OUR OPINION: Challenges confront next superintendent

By NEMS Daily Journal

This school year started uneventfully in Tupelo. There was reason to be thankful for that.
The summer had put some distance between last year’s turmoil, which resulted in Superintendent Randy Shaver’s departure, and the beginning of a new year. A period of calm, which would be welcome, seemed at hand.
But now unhappiness and division over the firing of Tupelo High School choral director Calvin Ellis and his effort at reinstatement have interrupted that relative tranquility. The inexcusable and criminal exploitation and aggravation of those circumstances by whoever wrote the bomb threat note at THS on Friday made matters worse.
The Ellis situation won’t be settled until February at the earliest, when the school board will be faced with either upholding or reversing the administration’s decision after an appeal hearing is completed. In the meantime, the Friday calls from lawyers on both sides, as well as from the interim superintendent and the mayor, for calm and responsible behavior by people with an interest in the matter should be heeded.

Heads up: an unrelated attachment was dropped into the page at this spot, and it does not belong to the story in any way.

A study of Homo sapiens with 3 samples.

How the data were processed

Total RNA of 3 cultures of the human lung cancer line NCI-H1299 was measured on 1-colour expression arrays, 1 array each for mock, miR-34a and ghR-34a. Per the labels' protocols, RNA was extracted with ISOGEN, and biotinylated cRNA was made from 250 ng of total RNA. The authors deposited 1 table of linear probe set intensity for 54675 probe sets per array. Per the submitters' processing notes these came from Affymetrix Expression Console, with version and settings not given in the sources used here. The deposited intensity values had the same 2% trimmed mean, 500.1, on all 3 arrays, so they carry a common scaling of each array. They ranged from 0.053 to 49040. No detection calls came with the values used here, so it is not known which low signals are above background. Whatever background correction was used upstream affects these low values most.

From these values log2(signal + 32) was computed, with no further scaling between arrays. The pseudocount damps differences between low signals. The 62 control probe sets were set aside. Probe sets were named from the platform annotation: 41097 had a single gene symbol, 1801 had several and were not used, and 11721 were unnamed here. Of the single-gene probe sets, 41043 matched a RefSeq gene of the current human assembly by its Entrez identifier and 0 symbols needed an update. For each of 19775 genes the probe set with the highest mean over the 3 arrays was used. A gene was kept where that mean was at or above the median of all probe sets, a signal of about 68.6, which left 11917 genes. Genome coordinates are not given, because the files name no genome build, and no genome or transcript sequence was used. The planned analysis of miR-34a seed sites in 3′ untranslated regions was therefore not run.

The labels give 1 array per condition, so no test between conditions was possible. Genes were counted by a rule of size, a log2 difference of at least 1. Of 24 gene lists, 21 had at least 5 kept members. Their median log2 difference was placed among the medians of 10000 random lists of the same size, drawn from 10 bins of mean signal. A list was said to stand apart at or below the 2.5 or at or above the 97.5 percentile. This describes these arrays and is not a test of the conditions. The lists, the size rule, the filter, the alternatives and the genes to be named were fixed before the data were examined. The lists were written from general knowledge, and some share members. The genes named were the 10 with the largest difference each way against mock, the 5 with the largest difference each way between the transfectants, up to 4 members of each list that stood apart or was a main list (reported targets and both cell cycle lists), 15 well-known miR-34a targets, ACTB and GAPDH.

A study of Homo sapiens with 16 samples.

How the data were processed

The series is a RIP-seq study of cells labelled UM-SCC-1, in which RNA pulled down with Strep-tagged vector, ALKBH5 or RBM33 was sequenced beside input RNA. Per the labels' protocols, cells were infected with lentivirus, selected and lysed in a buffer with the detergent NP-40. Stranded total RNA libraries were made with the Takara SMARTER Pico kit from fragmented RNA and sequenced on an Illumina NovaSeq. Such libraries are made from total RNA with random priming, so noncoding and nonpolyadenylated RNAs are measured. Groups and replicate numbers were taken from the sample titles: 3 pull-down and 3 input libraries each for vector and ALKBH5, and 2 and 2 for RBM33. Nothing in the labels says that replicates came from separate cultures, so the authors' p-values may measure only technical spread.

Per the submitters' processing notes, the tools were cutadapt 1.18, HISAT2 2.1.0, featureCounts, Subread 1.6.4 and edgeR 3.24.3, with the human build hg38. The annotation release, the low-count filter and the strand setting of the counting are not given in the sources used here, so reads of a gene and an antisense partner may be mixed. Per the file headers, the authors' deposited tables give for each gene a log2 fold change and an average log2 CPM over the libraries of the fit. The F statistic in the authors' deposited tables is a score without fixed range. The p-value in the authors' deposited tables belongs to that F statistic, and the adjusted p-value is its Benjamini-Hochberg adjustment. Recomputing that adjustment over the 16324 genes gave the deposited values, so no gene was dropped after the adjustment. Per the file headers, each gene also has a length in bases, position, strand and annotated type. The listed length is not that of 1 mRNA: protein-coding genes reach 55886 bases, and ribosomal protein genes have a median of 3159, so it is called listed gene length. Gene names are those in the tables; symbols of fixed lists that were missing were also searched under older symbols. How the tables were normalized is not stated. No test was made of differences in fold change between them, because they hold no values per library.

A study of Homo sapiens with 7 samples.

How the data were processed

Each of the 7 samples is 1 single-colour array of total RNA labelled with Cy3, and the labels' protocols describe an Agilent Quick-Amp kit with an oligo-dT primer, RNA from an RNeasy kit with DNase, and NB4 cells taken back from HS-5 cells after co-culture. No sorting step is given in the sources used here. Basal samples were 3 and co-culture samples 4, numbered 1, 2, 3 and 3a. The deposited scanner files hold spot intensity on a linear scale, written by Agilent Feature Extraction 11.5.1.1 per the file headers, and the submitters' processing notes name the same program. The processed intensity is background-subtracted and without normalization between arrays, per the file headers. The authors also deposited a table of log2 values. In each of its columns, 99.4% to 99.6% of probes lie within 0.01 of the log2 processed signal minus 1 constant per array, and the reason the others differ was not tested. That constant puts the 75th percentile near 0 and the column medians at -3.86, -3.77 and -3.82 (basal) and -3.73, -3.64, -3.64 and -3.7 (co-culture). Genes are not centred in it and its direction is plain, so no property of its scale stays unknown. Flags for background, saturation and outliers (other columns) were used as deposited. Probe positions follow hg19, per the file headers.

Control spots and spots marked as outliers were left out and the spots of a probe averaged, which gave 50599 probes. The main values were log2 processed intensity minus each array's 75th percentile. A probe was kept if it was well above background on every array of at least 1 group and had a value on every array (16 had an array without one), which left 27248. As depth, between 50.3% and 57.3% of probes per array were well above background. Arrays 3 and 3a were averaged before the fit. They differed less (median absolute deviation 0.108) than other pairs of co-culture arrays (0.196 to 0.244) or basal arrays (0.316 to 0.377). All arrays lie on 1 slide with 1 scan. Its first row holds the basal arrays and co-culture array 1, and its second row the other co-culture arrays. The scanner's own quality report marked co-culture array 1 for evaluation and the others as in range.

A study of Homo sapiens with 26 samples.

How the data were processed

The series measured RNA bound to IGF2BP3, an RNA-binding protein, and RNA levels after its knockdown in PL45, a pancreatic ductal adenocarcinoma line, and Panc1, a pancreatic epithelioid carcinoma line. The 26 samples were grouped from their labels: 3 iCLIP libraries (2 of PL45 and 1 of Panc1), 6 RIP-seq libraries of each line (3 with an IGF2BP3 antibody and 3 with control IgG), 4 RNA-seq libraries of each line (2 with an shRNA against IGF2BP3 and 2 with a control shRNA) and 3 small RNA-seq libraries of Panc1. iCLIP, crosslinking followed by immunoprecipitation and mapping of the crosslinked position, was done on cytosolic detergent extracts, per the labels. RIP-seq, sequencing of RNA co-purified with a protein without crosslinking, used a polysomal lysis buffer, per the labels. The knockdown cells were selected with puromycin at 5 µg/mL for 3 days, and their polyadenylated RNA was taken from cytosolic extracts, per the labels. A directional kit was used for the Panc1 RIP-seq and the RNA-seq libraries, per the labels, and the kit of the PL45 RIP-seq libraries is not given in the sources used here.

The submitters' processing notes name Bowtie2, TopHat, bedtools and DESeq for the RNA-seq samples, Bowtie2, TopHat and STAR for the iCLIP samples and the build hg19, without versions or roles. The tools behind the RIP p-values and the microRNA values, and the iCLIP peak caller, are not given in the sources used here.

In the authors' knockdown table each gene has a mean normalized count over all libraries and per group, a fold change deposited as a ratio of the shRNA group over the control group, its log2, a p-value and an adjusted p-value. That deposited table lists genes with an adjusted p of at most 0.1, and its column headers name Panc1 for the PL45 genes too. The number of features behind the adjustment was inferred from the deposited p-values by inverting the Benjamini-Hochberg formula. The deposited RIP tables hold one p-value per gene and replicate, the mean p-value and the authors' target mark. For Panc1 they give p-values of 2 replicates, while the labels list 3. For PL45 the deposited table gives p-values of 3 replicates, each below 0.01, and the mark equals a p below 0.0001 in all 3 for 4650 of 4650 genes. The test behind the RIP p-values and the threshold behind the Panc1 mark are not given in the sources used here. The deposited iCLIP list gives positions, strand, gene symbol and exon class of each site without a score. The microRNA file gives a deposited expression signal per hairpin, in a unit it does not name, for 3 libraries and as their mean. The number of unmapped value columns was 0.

The polarization on this issue will add further to the challenges a new superintendent will face when he or she comes on board sometime in 2012.
Last week was the deadline for applications for the position. The Tupelo school board’s Tuesday agenda includes a review of the status of the superintendent search.
There has been concern that last year’s disruptive controversy in the system might discourage some potential applicants. Latent public dissatisfaction erupted with the reassignment of then-THS principal Lee Stratton, including questionable intervention by the City Council, leading to Shaver’s abrupt exit after less than two years on the job. All that commotion hurt not only community unity in Tupelo but external perceptions of the school system as well.
The current controversy only reinforces the picture of a district, and particularly a high school, where a calm and stable atmosphere has been elusive.
Community and school constituencies interviewed by the district’s superintendent search consultant all see the selection of the next district leader to be critical not only for the school system but for the community as well. It must be a person who can bring extraordinary skills to the challenge of reuniting the community around its schools, thoroughly examining all systems and processes, and restoring the confidence necessary to get the system back on a sustainable track of high academic performance.
Much easier said than done, of course. But the community simply can’t afford the continuing drama that saps the school system of its strength and focus.